If you’ve read my Journey to k8s post, you’re probably wondering how to go about actually making the migration. It’s possible based on your current environment that things may vary however the general steps should all be the same.

This guide is meant to serve as a work along article. Following these steps, minus configuring your own specific instance’s settings, should serve to help you stand up a working instance of your GitLab instance on Kubernetes and make a successful migration off of an on-premise Linux installation.

NOTE: In order to follow along with this guide, you must already have an understanding of Kubernetes, helm charts, as well as your current, in-place omnibus Gitlab installation environment. It also assumes you have a working Kubernetes cluster with persistent volumes setup, in this guide’s case using NFS.

Getting Started

In this tutorial, we’ll be migrating from a currently existing on-premise Linux package-based GitLab installation to a helm chart deployment of GitLab on Kubernetes. As mentioned, we’ll need an already existing Kubernetes cluster with persistent volumes, with added bonuses such as, an ingress controller, Cert-Manager, and logging and metrics tools such as OpenTelemetry, Prometheus, and Grafana.

The reason for this migration is to utilize the inherent benefits of Kubernetes, allowing automatic scaling of resources as needed, as well as allowing for very easy to do rolling updates by simply upgrading the helm chart, completely minimizing any downtime and ensuring your infrastructure is as secure as possible and as up to date as possible. Not to mention all of the cool tools GitLab adds all the time 👀.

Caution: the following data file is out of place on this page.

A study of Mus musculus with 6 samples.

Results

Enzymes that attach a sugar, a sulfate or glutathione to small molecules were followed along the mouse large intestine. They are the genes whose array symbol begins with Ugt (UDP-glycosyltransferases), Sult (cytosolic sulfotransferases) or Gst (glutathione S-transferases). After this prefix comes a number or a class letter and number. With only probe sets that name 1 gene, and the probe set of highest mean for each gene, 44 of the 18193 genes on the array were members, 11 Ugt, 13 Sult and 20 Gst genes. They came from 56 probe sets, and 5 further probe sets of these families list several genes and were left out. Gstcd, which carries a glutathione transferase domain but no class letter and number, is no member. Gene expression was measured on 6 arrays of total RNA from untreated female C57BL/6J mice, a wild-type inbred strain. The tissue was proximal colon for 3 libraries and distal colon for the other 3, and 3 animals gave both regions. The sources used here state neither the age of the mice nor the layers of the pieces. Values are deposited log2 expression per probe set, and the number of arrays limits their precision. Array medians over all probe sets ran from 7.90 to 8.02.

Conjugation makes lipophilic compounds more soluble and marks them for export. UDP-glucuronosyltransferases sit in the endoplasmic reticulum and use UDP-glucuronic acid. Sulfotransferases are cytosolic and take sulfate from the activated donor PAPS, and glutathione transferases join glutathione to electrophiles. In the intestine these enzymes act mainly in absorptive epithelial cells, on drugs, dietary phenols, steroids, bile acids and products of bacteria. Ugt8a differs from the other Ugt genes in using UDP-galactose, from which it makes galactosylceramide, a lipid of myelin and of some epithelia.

There are a few prerequisites to the migration.

  1. Having a working and functional omnibus GitLab installation with no down services, this can be confirmed using gitlab-ctl status.
  2. To verify the integrity of your Git repositories prior to the migration.
  3. A Helm charts based deployment on your Kubernetes cluster, running the same GitLab version as the package-based installation is required.
  4. You need to set up the object storage that the Helm chart based deployment will use. For production use, we recommend you use an external object storage and have the login credentials to access it ready. If you are using the built-in MinIO service, read the docs on how to grab the login credentials from it.

High-Level Steps

The migration can be broken down into a few high-level steps, all of which can be found here.

  1. Migrate any existing files (uploads, artifacts, LFS objects) from the package-based installation to object storage
  2. Create a backup tarball and exclude the already migrated uploads
  3. Restore from the package-based installation to the Helm chart, starting with the secrets.